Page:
Former Jordanian Foreign Minister Marwan Muasher said in an interview with Dubai TV that the Arab world should reexamine its economic systems. He said that the Arab world must transition into a system that is based on “production and efficiency” instead of revenue-gathering. Muasher continued to say that this transition can only take place if there is a reform in the political systems that would increase the inclusion of citizens in the decision-making process. When asked if this explains the recent waves of protest in Arab countries, such as Iraq and Lebanon, Muasher said that these protests are a more mature version of the 2011 [“Arab Spring”] protests. He explained that these are peaceful protests, which remain so even when they are met by violence, like in Iraq. Muasher continued to say that in most Arab countries, the end of the 2011 protests came when the regimes told the protesters that they must accept them and their authoritarianism or descend into chaos. However, the protesters now do not accept this dichotomy, saying that they want “third options” that are more secular-civilian and inclusive, and they demand a “serious fight against corruption.” Muasher added that although these demands have all been met with a refusal by the regimes, he does not think that “we can turn the clock back.” He added that the process will not be easy or fast, but every wave of protest is another step towards change in the region. The interview was aired on December 25, 2019.
Marwan Muasher: The systems that the Arab world has employed to manage its resources – and even the ruling systems – are in need of a serious reexamination. We cannot continue in the same way as things were in the past. The results are clear before our eyes. We must adopt economic systems that are not based on revenue-gathering, but rather on production and efficiency. This requires changes in legislation, providing the private sector with greater opportunities. It also requires inclusive political systems that will be interested in allowing people to take a bigger part in the decision-making. In the Arab world, we can no longer talk, in my opinion, about economic reforms that are not accompanied by political reforms.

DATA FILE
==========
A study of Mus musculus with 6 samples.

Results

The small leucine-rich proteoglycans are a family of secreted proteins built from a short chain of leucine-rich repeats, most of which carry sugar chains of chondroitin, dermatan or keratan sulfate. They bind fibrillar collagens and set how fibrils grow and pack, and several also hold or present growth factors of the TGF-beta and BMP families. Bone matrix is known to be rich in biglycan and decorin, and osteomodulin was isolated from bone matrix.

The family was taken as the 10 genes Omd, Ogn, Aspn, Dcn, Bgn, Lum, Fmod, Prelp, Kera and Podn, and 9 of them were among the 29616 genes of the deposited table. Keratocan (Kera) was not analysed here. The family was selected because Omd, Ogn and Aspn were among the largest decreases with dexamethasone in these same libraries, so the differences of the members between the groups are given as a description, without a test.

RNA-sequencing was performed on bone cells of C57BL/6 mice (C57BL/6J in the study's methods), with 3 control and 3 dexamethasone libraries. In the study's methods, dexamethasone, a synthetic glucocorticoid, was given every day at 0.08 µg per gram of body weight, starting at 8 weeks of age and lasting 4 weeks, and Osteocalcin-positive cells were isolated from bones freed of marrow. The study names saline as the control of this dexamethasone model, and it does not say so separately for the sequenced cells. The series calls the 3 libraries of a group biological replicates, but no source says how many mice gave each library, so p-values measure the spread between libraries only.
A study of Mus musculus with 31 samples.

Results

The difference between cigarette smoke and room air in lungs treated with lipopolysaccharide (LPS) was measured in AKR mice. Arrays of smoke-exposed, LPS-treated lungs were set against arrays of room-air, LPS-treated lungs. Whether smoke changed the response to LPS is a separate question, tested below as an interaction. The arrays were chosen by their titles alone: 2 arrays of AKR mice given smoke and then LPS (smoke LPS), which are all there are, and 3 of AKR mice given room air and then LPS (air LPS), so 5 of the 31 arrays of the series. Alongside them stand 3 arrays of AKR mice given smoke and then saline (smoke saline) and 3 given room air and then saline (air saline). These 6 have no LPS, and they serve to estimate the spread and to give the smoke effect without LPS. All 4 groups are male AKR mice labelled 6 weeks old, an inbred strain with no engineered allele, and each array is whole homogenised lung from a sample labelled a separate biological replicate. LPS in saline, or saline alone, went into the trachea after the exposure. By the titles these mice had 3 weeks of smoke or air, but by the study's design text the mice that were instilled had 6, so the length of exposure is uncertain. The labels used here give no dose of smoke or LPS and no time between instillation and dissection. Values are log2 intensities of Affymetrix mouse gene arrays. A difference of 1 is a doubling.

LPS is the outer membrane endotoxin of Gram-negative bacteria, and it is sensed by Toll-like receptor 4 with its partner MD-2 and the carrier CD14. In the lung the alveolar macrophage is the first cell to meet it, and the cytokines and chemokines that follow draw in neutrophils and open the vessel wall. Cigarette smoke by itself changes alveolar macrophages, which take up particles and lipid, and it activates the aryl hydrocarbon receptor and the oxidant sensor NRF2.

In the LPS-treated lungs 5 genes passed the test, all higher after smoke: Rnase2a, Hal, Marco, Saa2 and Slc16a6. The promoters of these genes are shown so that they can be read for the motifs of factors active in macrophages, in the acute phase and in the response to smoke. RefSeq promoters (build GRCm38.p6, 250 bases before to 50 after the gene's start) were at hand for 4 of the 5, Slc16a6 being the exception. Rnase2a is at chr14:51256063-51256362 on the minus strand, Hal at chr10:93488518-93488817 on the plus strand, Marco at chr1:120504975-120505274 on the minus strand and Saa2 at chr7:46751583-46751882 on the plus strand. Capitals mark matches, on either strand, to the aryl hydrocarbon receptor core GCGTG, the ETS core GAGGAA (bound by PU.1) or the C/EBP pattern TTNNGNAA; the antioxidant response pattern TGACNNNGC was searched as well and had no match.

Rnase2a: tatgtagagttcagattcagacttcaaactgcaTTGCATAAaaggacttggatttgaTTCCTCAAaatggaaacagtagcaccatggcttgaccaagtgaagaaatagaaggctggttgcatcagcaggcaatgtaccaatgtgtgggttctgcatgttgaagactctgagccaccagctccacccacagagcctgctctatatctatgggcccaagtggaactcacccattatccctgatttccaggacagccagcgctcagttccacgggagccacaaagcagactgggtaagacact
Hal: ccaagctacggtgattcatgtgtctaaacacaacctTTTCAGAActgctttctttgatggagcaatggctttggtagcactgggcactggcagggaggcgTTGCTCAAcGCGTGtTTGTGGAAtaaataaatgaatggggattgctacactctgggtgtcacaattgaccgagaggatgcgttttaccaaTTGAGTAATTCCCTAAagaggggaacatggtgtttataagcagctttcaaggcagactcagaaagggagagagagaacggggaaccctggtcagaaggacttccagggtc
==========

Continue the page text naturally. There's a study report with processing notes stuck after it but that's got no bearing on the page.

Interviewer: Perhaps this explains the protests in several Arab countries. We see these protests on a daily basis in Lebanon as well as in Iraq. Do you consider this wave of protest more mature than that of 2011?
Marwan Muasher: Without a doubt. If we look at what is going on in Iraq, in Lebanon, in Algeria, and in Sudan – all these [demonstrations] are peaceful. Even when they were faced with violence, like in the case of Iraq, the protests of the people have been peaceful. It is also more mature in the sense that… The first wave [or protests] ended, in many cases, with eh Arab states telling their citizens: Either you accept us and our authoritarianism, or you will face chaos. Now however, it is as if the citizens of those four countries are saying: “From now on, we will not accept this binary division. The choice should not be between you and chaos. We want third options that will be more secular-civilian and more inclusive, and we want there to be a serious fight against corruption.” This is true for all those four countries…
Interviewer: These demands are clear, but does anyone listen? Is there any positive response? Does anyone lend a friendly ear?
Marwan Muasher: They will listen in stages. In many Arab countries, we have seen refusal to listen to the people’s demands. However, I don’t think we can turn the clock back. The change will not be smooth, easy, or fast, but I view every wave of these protests as another attempt by the region to make the governments understand that it is time to reexamine their systems.